As many of you know, the new show I’m working on – The Transporter – has a few Stargate connections. In addition to Paul and I who are show running the series (alongside Alexander M. Ruemelin), there’s Executive Producer Robert Cooper and series director Andy Mikita. And now, another tenuous connection of sorts. The director of the series pilot is the amazing Stephen Williams –
Yeah! Japan wins the Women’s World Cup in dramatic fashion. Let’s celebrate with dog pics and a mailbag!
cwillmanbunge writes: “Nothing personal, but when it comes to series finales the ones for SG-1, SGA, and SGU were okay, but they weren’t satisfying.”
Answer: To be fair, with the exception of SG-1, they weren’t planned as series finale but season finales. In the case of both SGA and SGU, we thought chances were good that we would be back or, in a worst case scenario, would at least be afforded the opportunity to wrap things up with a movie.
cwillmanbunge also writes: “Sadly to say it would kill me to not even know the single answer to one of these questions.”
Answer: Hey, believe me, there are a lot of us who are equally disappointed because we’ll never get the opportunity to answer them. I could certainly provide you with potential ideas or scenarios but, at the end of the day, I’d imagine they’d be equally unsatisfying since they wouldn’t be canon.
cwillmangue also writes: “If at all possible, please, do what you can to at least get a movie for Atlantis and Universe.”
Answer: Believe me, I’d love nothing more than to see an Atlantis and/or Universe move go into production. Brad Wright (franchise co-creator and Exec. Producer) pushed hard but, in the end, the final decision lay in the hands of MGM. At present, it seems unlikely they’ll be giving the green-light to any SG-1, SGA, or SGU-related project.
Blake Linton writes: “Netflix is the ONE company with the money to produce more Stargate, the distribution channel to play it, and the built-in ability to precisely measure its success. We must awaken the sleeping giant! With 6.5 MILLION total Netflix ratings averaging 4 out of 5 stars, would it really be so hard to convince them that continuing the Stargate franchise is a fabulous idea?”
Answer: Unfortunately, convincing Netflix is only half the battle. You would also need to convince MGM.
Randomness writes: “However I do find the whole Self destruct thing a little Deus ex machina, because well it’s a random twist that has come out of nowhere with little to no build up to push an event forward.”
Answer: I disagree. It’s the move away from Pegasus (something new and unforeseen) that triggers the self-destruct. Given the way things were going in the war against the wraith, it makes sense that the Ancients would take measures to ensure the city not fall into enemy hands. Furthermore, we did establish the city’s self-destruct system early in the series run.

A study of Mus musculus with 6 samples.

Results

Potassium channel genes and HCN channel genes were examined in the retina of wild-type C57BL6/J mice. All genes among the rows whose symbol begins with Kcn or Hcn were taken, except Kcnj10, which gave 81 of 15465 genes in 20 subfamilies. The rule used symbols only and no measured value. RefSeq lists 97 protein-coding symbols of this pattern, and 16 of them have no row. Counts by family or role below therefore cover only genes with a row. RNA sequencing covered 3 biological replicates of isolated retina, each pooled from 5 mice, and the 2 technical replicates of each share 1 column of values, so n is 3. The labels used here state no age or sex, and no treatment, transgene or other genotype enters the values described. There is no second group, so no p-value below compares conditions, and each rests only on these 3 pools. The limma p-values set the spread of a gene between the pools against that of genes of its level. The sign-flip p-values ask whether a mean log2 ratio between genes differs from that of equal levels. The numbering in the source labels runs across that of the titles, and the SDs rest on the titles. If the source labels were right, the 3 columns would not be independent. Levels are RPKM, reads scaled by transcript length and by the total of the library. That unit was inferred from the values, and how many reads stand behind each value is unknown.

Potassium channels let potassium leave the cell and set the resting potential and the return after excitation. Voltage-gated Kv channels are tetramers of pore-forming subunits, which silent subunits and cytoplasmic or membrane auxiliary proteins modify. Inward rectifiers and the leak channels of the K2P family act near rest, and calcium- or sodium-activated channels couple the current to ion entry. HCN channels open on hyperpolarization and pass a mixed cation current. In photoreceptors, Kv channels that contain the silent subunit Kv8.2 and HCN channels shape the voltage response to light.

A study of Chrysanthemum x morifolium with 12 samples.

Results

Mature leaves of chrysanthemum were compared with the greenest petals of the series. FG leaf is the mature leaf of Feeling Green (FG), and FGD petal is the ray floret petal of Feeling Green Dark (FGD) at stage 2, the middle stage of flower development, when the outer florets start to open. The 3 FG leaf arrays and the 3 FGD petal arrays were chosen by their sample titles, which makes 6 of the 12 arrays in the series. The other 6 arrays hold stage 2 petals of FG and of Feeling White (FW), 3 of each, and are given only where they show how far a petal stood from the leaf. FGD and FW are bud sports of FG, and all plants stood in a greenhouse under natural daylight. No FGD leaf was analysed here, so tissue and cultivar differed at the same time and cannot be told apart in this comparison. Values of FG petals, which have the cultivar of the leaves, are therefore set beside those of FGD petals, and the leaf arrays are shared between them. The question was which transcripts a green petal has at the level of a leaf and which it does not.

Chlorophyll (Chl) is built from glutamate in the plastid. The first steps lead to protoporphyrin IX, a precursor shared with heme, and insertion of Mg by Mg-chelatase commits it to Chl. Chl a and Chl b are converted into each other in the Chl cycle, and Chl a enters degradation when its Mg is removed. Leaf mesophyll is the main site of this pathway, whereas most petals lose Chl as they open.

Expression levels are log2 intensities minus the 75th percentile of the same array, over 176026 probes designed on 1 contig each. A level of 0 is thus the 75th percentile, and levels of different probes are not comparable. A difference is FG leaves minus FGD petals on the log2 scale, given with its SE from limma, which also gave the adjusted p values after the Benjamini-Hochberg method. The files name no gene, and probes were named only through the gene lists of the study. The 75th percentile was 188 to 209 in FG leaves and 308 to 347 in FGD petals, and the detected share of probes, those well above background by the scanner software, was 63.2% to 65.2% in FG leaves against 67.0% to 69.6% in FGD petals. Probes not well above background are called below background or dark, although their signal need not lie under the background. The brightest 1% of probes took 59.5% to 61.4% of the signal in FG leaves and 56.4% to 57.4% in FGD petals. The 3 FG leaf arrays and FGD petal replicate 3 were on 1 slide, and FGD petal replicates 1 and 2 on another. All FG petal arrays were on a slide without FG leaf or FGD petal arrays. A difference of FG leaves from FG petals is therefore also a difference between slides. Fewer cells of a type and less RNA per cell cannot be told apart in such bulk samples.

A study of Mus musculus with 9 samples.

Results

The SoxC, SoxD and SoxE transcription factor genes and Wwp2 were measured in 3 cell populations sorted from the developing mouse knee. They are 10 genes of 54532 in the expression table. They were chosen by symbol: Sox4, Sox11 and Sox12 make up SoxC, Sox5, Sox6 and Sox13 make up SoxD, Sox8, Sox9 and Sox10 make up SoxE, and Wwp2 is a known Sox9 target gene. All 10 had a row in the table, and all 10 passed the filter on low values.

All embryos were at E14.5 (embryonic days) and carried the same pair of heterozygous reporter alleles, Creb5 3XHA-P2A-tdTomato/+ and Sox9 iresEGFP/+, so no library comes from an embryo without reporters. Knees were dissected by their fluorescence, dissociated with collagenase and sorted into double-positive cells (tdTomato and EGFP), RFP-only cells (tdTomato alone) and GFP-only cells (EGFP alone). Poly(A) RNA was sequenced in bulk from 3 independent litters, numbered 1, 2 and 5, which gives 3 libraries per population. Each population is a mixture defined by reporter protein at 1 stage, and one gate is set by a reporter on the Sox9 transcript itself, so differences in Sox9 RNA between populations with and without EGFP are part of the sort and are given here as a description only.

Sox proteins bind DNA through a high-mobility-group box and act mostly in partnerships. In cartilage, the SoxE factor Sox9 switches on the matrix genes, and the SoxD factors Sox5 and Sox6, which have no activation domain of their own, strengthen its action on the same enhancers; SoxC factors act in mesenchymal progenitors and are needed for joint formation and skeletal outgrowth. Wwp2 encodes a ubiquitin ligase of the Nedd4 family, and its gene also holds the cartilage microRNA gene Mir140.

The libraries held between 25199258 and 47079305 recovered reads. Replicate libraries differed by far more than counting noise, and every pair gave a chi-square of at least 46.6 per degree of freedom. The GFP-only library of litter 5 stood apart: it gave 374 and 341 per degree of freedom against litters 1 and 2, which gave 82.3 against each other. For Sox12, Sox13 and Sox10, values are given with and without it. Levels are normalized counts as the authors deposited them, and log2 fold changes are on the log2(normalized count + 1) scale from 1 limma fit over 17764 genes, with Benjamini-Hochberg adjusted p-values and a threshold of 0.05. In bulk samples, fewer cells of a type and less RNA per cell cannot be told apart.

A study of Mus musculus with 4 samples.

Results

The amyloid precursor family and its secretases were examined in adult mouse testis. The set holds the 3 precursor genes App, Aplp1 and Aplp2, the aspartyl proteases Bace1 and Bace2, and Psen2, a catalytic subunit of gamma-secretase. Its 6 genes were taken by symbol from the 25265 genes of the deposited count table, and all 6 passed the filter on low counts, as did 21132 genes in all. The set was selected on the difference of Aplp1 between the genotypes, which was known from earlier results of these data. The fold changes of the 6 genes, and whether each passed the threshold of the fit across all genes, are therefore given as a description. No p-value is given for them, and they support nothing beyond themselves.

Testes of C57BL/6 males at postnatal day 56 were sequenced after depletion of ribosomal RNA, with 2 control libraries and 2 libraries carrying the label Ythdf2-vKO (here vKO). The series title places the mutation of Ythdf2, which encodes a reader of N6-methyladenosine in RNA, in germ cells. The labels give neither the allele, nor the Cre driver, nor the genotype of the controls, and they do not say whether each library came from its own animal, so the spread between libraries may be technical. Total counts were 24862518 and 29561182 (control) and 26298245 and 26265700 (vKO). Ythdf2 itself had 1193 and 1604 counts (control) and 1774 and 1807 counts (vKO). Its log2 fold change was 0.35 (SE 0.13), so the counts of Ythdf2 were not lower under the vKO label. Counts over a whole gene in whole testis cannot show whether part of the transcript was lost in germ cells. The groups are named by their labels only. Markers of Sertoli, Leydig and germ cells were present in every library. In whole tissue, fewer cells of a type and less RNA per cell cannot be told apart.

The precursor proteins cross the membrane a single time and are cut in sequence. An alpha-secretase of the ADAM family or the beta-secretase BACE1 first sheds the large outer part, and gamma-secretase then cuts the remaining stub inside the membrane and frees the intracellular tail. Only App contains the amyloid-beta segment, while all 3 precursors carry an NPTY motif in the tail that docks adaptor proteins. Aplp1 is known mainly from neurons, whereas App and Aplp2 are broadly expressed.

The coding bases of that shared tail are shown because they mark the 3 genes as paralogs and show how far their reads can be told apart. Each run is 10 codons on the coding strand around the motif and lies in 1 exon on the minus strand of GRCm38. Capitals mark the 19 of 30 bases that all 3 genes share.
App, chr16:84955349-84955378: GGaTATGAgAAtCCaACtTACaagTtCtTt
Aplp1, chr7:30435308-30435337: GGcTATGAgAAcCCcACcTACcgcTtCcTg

Trevor writes: “Thank you for all your hard work guys, what a fabulous name! I will inform Holly that Eufemia has won. Or perhaps on second thought, I won’t inform her and will just go ahead and fill out the birth certificate first, and then show her afterwards. Yes, I think that will be best.”
Answer: If you can hold off on telling her until her birthday, it would make for an awesome surprise. Just a suggestion.
dodoalda writes: “Any news from Joel Goldsmith regarding the SGU soundtrack?”
Answer: Joel has actually been quite busy, out on the road, doing his own thing.
Samantha Padilla writes: “Hey, if I send you some of the Atlantis story ideas I have taken from when I desperately wanted to join the writing staff only for Syfy to drop the ax on the show and MGM to continue to hack away at it’s (still can’t believe I’m saying this) corpse, can I take a shot at turning Extinction into a novel? That’s if you like my stuff.”
Answer: Sorry, Samantha. I have no influence on who gets hired to write the novels. Again, those decisions lie in the hands of MGM.
majorsal writes: “anything on sg1′s ‘revolution’?”
Answer: Nope. All quiet on the Stargate front.
dioxholster writes: “Was Todd with them for the ride? why?”
Answer: He was on Atlantis at the end of Enemy at the Gate. We included a little scene in the Extinction script in which Woolsey and Sheppard go “pick him up”, essentially rescuing him from the clutches of government R&D.
Ben writes: “The story arc between ‘Faith’ and ‘Incursion Part 3′, regarding the ‘Eden’ planet and TJ leaving her daughter there was absolutely incredible-one of the most emotional scenes I’ve seen on tv, nevermind Stargate alone. Obviously later we found that Destiny was behind her ‘OOBE’ and those who stayed behind on Eden didn’t really survive. The way it was left before we discovered that was brilliant because you truly didn’t know what to think (I was thinking while watching how amazing the writing was). Were you at all tempted to leave that arc open ended?”
Answer: We knew we were going to do a story in which we revisited the people we’d left behind on the Faith planet eventually so, when that happened, the truth would be revealed. I don’t think it would have been possible to have kept that particular element open-ended.
Ben also writes: “I’m not into all the legal details, but when a show is cancelled, is it not possible to be picked up by another network?”
Answer: Sure, but it would ultimately fall on the studio to give any such plan the go-ahead. Are you sensing a trend here?
ruffles writes: “Is it typical for showrunners to also write? If you had to choose between writing and producing, which would you choose?”
Answer: It is typical in television but rare in film where the writer is often at the bottom of the pecking order and usually has nothing to do with his work moving forward once he’s completed that final draft. As for which I would choose, writing or producing – it would depend on what I was writing and producing.